How Lego Developed Into a Global Brand


If you look through any child’s toy chest you will find pieces of Lego. The multi coloured bricks have maintained their popularity since their introduction over 50 years ago. In 2000 Lego won a prestigious award ‘Toy of the Century’ by Fortune Magazine as well as by the British Toy Retailers Association. It beat Action Man, Barbie and other popular toys.

The Lego group’s origins began in 1932 when Ole Kirk Christiansen started making toys out of wood for children. It took until 1958 for the Lego brick as we know it today to be conceived. The colourful bricks were simple and durable; therefore they were ideal for children to play with. The plastic brick can be joined together to make a wall or other shapes which children can easily build or take apart. Over the years the design has hardly changed and today’s bricks can still be interlocked with the bricks produced in 1958.

Why Lego has become so popular is mainly due to the fact that Lego can be built into so many shapes that the only limit is the extent of a child’s imagination. The bricks are so versatile that Lego has calculated that six, eight-stud bricks can be arranged in 915,103,763 different ways.

Lego bricks today are manufactured in the company’s main factory in Denmark. The bricks are produced so precisely that the company claims for every million bricks made only 18 are defective and removed.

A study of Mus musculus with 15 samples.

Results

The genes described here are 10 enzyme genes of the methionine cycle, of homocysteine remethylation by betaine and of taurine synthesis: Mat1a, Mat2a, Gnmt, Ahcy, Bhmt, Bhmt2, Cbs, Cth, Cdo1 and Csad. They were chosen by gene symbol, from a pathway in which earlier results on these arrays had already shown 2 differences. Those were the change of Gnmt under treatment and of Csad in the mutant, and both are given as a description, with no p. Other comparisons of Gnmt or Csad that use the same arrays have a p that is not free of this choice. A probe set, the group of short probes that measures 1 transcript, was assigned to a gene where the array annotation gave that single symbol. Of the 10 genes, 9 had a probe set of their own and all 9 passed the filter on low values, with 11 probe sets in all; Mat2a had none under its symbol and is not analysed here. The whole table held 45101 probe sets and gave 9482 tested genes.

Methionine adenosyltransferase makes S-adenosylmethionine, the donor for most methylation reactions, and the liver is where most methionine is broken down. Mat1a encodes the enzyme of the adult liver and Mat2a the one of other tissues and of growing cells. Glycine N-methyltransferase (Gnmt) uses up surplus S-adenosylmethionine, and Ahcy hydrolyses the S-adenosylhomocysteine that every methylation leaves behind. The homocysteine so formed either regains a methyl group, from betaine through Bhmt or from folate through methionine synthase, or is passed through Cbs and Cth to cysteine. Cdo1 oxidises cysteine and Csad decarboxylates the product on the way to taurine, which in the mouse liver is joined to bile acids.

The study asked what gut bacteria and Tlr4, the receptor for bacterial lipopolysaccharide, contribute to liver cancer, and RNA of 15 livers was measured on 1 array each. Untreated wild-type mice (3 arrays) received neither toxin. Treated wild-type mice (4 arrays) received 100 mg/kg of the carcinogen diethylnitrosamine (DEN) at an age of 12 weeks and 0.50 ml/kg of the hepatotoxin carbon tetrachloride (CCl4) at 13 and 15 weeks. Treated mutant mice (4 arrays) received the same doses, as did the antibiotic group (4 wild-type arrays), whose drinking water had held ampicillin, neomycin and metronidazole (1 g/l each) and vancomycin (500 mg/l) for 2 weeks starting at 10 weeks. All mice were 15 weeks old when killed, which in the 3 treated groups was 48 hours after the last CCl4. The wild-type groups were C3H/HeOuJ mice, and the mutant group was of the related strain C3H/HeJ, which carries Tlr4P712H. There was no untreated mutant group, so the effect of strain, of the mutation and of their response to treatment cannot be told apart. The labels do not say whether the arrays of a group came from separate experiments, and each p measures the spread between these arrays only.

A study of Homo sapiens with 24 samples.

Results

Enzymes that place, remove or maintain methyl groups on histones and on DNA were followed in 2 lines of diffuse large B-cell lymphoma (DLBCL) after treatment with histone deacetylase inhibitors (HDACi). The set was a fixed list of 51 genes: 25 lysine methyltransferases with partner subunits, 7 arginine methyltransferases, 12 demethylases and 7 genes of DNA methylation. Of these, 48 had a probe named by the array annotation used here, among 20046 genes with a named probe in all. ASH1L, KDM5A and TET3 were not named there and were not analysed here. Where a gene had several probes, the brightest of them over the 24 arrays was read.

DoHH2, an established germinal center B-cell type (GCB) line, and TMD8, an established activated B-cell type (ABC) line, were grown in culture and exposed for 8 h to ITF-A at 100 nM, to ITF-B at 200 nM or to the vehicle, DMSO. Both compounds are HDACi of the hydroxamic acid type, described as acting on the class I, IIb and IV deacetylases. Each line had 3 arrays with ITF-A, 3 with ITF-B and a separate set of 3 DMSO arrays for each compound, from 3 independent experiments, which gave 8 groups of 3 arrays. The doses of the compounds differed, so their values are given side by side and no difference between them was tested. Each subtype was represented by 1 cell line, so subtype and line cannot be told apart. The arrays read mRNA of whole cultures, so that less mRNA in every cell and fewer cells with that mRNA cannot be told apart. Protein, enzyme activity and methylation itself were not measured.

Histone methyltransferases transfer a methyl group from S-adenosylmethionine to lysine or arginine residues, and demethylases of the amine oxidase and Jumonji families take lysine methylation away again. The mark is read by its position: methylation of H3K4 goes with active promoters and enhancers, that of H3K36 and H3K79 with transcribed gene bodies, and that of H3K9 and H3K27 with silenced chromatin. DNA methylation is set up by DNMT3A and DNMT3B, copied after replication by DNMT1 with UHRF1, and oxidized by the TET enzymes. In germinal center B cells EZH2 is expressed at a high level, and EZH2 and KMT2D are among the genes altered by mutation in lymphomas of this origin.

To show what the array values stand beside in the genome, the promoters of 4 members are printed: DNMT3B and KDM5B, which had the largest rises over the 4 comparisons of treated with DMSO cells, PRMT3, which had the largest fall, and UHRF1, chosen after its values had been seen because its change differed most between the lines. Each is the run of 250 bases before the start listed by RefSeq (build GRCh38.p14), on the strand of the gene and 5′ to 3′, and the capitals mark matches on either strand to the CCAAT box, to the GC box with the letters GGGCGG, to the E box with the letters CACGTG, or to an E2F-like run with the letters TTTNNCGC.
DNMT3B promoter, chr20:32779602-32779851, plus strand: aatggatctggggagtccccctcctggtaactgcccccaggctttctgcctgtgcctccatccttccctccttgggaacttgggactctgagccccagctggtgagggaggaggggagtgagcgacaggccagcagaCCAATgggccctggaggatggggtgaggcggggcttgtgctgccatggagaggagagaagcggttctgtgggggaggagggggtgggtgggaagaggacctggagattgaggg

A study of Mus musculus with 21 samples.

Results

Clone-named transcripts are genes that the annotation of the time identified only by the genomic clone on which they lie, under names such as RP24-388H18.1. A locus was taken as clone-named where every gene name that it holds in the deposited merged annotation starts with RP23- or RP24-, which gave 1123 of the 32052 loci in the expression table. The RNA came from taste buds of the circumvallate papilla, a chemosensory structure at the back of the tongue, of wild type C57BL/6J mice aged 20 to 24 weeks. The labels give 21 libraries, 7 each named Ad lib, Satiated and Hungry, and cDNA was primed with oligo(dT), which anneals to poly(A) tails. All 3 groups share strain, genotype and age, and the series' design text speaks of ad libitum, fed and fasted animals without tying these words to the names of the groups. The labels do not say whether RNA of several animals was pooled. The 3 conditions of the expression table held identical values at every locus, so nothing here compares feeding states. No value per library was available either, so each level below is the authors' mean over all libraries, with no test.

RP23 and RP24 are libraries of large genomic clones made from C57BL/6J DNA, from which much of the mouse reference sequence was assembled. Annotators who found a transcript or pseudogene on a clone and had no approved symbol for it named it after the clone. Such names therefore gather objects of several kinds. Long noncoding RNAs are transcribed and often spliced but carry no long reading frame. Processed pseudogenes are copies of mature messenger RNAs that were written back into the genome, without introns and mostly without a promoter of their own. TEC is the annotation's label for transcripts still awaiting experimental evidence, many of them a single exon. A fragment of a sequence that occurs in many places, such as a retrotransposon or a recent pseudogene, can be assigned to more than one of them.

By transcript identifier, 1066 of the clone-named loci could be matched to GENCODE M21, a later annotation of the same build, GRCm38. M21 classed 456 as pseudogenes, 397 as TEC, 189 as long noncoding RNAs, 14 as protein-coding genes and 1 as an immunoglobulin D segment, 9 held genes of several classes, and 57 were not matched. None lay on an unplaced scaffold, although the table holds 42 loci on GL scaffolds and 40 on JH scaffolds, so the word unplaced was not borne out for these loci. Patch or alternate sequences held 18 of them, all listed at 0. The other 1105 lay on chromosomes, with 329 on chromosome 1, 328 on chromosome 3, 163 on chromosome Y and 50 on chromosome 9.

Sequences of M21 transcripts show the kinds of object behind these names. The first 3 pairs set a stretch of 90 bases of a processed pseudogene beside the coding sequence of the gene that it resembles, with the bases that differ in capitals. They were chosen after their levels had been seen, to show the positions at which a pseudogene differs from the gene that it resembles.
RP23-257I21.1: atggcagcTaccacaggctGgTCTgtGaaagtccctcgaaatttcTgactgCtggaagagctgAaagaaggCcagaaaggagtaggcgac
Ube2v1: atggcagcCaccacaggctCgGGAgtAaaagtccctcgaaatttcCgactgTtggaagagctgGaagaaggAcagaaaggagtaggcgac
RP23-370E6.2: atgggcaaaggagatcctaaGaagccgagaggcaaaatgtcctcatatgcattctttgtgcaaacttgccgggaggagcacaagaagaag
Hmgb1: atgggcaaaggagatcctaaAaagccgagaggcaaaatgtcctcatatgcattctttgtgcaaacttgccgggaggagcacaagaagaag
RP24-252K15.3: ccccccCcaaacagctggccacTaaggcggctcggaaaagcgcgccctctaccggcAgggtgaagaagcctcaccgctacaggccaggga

After the original bricks were produced Christiansen’s son and successor to the Lego group, conceived Lego Duplo in the early 1960’s for smaller children. This made it easier for younger children to hold the bricks as they were much larger.

The next big leap in creation for Lego was the Lego figure in 1974. The small yellow coloured figures gave children a different way of playing with Lego. They could now move and interact with the Lego toy. Since 1974 billions of Lego figures have been manufactured ranging from Walt Disney Characters to Lego clocks.

Lego might seem outdated by present day high-tech toys, but it continues to thrive by working with today’s popular themes. For example in 2004 Lego launched Lego factory where anyone can design and build their own Lego model and have it posted to their home.

Lego also joined forces with Lucas Arts for a publishing deal for video games which has given the company a new lease of life. For instance Lego star Wars 2 sold 1.1 million units in its first week of release.

However it has not all been a success story. In the early 2000’s Lego was struggling to make an impact in the toy market it once had. The problems started in the late 1990’s when the company stopped focusing on design. There figures didn’t require much building skills or very little imagination. Also they were very similar to other toy manufacturers.